M.A. McLaughlin

Marty Ambrose-McLaughlin

July 2, 2023
2:01 AM

Christina Rossetti and the Pre-Raphaelites

man with red hair and burgundy robe laying on abstract ground holding a woman with red flowing hair

Christina Rossetti was involved with The Pre-Raphaelites, largely because her artist brother, Dante Gabriel, founded the movement in 1848 with John Millais and William Holman Hunt.

But who were The Pre-Raphaelites?

Artists in search of a new and fresh direction in their work? Bohemian rebels who were the “rock stars” of their day with their unconventional lifestyles? Innovators who rejected the academic art rules & regulations of their time and wanted to revive the detailed and vibrant color, line, and texture of early Renaissance painting?

All of these aspects . . . and more

Mostly, they were dissatisfied with the industrialization and commercialism of their era and sought to create art that hearkened back to an era "before Raphael." They often found inspiration in literature, poetry, and mythology, such as the Arthurian legends, Dante and Beatrice, and Greek goddesses; and, their art frequently depicted romantic and idealized scenes. Certainly, not everyone approved. When some people saw their paintings at early exhibitions, they were taken aback at the bright colors and provocative themes. In 1850, Charles Dickens described Millais’s depiction of the Virgin Mary in Christ in the House of His Parents as a degenerate type, one who was ‘horrible in her ugliness’. He wasn't alone.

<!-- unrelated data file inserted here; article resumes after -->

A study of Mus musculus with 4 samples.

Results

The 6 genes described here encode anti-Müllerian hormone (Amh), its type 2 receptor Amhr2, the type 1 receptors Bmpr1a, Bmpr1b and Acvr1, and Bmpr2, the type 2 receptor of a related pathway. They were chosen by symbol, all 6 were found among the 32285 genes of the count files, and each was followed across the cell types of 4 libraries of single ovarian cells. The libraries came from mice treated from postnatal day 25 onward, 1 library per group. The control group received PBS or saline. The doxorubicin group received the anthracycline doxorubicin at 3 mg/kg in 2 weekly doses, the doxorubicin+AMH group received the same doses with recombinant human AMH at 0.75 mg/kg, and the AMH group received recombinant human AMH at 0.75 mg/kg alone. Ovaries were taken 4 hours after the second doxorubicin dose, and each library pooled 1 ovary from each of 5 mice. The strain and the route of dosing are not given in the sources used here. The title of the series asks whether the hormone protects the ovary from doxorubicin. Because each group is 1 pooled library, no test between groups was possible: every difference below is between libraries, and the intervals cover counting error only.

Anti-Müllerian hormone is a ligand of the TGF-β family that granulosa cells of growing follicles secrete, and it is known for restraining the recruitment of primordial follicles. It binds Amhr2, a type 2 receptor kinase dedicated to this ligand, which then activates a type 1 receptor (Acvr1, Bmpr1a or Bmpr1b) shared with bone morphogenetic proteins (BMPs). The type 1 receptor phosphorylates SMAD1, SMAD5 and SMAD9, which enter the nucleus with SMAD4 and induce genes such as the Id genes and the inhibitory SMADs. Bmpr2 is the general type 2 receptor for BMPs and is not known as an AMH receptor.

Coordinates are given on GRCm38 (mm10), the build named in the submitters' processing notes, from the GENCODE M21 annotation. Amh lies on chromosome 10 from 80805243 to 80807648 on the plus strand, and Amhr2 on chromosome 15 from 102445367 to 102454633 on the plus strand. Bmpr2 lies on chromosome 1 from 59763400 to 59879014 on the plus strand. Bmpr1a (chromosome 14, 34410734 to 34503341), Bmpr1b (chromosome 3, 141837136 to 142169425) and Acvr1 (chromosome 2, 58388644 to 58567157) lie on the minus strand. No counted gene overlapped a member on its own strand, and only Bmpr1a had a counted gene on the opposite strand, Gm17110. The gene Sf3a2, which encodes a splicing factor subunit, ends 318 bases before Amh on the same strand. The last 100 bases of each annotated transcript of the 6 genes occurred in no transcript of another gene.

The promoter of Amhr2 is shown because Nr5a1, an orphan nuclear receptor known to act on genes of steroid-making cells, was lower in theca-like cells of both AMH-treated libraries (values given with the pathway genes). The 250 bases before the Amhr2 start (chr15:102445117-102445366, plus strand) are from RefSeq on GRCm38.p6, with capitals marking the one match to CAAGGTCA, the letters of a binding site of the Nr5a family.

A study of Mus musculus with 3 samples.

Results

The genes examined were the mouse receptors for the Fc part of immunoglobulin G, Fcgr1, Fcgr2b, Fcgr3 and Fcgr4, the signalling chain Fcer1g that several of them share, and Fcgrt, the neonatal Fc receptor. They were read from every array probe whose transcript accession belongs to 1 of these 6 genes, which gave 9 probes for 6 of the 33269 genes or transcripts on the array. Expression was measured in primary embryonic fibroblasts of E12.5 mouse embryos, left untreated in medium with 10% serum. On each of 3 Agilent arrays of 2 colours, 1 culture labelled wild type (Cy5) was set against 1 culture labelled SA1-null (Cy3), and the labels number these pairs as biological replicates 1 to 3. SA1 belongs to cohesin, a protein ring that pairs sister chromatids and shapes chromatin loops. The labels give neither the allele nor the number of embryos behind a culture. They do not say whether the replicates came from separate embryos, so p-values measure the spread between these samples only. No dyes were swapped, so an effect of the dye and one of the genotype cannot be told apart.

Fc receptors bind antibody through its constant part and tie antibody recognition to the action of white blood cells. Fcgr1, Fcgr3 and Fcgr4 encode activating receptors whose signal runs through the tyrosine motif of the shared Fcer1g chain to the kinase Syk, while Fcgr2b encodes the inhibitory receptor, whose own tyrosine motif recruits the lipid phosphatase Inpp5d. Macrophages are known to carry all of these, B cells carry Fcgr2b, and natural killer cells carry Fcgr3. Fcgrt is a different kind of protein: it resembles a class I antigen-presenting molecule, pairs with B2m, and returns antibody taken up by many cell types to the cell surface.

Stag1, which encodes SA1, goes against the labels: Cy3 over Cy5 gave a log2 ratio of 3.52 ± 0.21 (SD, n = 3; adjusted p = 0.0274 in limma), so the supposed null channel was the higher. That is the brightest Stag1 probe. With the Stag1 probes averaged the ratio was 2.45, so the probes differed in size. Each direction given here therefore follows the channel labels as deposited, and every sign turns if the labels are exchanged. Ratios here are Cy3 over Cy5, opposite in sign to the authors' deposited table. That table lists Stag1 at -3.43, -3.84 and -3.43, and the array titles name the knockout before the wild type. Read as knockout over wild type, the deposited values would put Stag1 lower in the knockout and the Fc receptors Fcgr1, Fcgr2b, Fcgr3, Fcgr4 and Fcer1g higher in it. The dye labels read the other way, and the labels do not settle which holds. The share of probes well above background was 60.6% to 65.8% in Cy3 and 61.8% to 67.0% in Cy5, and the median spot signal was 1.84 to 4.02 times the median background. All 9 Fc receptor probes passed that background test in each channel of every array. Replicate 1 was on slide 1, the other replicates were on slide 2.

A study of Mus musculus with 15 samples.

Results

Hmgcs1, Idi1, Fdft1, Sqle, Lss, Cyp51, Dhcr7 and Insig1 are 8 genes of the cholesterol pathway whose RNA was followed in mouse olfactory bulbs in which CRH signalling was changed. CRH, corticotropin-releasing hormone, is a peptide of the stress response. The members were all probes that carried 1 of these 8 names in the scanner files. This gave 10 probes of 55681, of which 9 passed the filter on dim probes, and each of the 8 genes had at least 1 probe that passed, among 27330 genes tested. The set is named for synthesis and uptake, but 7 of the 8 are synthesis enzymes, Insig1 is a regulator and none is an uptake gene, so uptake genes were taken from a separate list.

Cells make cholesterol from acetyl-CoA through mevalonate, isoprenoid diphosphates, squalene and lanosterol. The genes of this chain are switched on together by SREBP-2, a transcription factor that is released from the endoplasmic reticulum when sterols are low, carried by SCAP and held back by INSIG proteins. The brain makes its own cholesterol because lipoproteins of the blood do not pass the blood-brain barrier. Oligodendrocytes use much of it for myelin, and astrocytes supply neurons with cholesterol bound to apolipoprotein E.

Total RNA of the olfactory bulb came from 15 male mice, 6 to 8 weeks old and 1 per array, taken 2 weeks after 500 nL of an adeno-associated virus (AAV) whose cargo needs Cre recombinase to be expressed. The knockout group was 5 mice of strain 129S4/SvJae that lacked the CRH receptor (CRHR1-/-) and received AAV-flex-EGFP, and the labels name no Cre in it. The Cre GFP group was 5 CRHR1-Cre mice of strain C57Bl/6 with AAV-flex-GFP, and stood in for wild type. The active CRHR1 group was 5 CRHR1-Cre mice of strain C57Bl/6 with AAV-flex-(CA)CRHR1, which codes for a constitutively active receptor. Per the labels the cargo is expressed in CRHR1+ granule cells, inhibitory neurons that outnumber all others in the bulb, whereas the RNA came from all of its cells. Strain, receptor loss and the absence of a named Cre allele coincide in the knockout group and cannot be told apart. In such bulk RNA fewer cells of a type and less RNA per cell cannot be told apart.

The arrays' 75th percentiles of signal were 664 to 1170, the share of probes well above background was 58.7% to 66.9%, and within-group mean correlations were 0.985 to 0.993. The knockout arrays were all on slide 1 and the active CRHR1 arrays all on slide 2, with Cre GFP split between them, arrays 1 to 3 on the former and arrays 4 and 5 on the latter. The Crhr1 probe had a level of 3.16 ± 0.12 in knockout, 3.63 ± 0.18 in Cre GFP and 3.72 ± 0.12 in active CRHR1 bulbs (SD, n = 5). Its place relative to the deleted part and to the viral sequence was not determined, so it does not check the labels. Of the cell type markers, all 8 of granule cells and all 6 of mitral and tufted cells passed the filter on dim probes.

In terms of their bohemian habits, things grow even more interesting: the Pre-Raphaelites often lived edgy lives for their time, characterized by a rejection of traditional mores and a pursuit of personal freedom (illicit relationships, wombats, and all-night parties). In their non-conformist approach to life, they often worked and resided in communal spaces, embracing an open-minded attitude towards sexuality and relationships. Many of the artists had liaisons with their models; some, like Dante Gabriel Rossetti, married his muse and lover, Elizabeth Siddal. For the most part, they lived and loved with a bold, daring disregard for Victorian values.

Christina Rossetti was on the “fringes” of the movement with her poetry, but she was influenced, especially in her early verse, to write wholly new and different poems, like “Goblin Market,” a sensual, almost subversive, fairy tale about two sisters who have to battle temptation and embrace sacrifice after encountering evil goblin merchants. Needless to say, the women win.

Christina may not have been a bohemian in her life—yet she was in her creativity.